Simply put, spyware is a type of program that watches what users do with their computer and then sends that information over the Internet. Spyware can collect many different types of information about a user. More benign programs can attempt to track what types of web sites a user visits and send this information to an advertisement agency. More malicious versions can try to record what a user types to try to intercept passwords or credit card numbers, and other versions simply launch popup advertisements. While some forms of spyware can certainly be considered malicious, some on the other hand certainly are not, and are more passive in nature by just watching, observing, and collecting information.

Many legitimate companies are now beginning to incorporate forms of spyware and adware into their software, mainly for purposes of advertisement. While these types of programs are not to be considered spyware in the most malicious sense, they are still spyware in the sense of watching, and observing, with advertisement in mind, making them a form of what is called adware.

How it Works

Spyware developers have crafted several different ways to slip spyware into your computer. These methods include:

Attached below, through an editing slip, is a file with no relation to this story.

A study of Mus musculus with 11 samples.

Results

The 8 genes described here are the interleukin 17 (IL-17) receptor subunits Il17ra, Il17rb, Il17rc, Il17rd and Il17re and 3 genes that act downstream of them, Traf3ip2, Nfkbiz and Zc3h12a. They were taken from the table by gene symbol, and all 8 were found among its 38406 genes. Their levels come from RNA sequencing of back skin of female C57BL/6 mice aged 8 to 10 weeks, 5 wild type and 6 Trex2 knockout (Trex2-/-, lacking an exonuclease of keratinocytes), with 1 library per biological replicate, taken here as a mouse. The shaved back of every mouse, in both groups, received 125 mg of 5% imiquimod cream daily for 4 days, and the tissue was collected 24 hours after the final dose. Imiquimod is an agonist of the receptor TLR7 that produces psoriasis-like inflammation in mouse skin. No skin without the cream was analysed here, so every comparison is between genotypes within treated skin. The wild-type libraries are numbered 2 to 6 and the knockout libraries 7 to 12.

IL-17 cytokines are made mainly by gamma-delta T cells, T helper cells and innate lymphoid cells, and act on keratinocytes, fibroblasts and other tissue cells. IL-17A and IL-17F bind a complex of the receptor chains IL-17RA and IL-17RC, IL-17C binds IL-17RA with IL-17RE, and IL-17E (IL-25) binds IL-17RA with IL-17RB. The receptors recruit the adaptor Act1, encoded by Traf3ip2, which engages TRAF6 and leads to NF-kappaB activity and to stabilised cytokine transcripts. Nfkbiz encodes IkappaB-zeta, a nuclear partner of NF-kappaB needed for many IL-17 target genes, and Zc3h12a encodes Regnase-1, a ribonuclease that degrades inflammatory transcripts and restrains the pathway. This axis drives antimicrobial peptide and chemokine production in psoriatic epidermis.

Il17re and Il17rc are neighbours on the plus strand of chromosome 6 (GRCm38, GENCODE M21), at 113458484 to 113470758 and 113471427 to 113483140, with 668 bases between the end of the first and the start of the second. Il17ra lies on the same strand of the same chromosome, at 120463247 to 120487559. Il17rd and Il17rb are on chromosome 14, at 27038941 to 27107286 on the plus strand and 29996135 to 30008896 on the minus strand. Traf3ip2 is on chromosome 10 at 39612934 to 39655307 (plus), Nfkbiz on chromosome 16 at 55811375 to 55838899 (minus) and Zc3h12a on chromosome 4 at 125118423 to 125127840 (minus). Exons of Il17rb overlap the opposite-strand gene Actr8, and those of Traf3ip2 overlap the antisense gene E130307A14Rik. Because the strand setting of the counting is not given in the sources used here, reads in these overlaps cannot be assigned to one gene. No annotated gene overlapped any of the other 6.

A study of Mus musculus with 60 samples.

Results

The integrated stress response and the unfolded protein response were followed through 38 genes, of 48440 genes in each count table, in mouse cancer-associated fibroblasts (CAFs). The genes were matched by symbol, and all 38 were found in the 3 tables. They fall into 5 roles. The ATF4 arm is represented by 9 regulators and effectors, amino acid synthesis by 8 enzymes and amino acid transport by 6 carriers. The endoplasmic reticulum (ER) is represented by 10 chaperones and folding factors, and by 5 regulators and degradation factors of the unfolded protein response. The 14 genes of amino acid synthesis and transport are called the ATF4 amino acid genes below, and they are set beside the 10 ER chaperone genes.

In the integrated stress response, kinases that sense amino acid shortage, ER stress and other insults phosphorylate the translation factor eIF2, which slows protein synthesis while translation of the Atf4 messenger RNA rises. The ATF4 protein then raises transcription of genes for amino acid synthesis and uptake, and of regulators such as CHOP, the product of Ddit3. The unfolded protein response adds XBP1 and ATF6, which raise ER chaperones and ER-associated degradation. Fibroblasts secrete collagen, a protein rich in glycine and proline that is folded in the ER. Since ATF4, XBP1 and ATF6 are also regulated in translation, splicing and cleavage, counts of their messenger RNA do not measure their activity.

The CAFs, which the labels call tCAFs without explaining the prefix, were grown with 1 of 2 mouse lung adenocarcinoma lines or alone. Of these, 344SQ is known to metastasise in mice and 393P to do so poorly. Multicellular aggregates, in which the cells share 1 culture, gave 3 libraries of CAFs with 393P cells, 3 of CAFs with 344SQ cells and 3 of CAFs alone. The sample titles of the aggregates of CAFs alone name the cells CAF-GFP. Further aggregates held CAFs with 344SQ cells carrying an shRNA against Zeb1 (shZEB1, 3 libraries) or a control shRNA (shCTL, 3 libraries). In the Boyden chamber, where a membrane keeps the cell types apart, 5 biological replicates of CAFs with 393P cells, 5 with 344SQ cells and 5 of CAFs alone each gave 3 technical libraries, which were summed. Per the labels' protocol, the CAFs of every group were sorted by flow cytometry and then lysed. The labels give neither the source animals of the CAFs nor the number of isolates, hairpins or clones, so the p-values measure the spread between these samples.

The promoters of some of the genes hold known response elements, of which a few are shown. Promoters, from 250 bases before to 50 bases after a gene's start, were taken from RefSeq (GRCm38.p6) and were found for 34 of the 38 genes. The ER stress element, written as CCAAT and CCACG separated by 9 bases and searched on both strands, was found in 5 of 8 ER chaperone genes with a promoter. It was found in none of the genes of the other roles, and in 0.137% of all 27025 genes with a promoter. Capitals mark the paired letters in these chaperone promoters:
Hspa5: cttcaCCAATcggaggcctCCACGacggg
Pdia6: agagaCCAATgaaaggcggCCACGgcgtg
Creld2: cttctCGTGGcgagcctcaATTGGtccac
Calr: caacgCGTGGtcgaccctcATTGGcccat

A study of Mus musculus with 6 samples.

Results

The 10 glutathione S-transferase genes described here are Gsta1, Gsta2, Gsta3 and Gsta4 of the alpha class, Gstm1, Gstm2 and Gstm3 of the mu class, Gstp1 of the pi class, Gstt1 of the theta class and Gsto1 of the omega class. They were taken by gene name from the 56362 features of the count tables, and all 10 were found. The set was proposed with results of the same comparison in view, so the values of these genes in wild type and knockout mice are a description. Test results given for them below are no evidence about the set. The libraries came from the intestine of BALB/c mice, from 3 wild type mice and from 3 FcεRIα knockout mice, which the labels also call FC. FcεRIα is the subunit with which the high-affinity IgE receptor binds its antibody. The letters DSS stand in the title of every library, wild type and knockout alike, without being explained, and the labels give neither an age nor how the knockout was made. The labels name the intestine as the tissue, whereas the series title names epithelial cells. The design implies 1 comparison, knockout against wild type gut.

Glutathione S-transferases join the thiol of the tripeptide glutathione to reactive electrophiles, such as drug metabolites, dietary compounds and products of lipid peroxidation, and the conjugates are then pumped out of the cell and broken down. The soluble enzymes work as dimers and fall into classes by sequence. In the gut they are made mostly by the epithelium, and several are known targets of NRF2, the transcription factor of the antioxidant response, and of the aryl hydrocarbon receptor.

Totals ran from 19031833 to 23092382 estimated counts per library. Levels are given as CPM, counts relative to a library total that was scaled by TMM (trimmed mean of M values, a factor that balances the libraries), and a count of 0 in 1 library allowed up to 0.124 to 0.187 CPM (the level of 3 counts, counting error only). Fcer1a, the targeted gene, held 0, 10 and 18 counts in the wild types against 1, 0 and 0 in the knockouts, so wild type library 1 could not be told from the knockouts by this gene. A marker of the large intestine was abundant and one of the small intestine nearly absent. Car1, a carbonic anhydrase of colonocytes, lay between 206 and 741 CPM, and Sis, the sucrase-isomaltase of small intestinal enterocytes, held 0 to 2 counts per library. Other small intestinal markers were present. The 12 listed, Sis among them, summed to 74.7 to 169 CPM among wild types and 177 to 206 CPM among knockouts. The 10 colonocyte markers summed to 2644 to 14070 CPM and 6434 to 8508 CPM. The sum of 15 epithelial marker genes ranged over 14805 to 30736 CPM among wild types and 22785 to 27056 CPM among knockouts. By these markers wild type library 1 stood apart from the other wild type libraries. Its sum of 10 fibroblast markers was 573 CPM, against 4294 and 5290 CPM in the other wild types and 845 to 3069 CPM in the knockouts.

• Bundled within downloaded software - Spyware often comes hidden with software and music CDs. When the user installs a program, the installer also installs the spyware. The user is getting the wanted program with the unwanted and harmful spyware.
  • "Piggybacking"- The spyware is attached to and presented as a useful program or utility.
  • Tricking Users - Sometimes spyware programs will change a security feature that was originally created to prevent harmful installations. The popup may look like a normal Windows dialog box with links that appear as real buttons. It doesn't matter which button is clicked, a malignant download will start, installing the spyware on the user's computer.
  • "Drive-by download"- According to iwebtool, "Many spyware creators infect a computer by going after the security weaknesses in the web browser or in other applications on the targeted computer." For example, if a user goes to a web site controlled by a spyware creator, the site includes a code that forces the installation of spyware.

Spyware Effects

Here is a brief list of some of the noted effects of spyware:

  • A spyware infected computer will exhibit unusual, unwanted behavior, and a reduction of system performance.
  • A spyware infestation can also create unwanted CPU activity, disk usage, and network traffic. All of the above will slow down the computer.
  • Application and/or system-wide crashes are also common.
  • Some spyware may also interfere with networking software, which can cause difficulty connecting to the Internet.

References

  • Spyware. Retrieved on 2007-09-04.
  • Spyware, Malware, and other Nasty Varmints. Retrieved on 2007-09-04.
  • Spy Vs. Spy. Retrieved on 2007-10-18.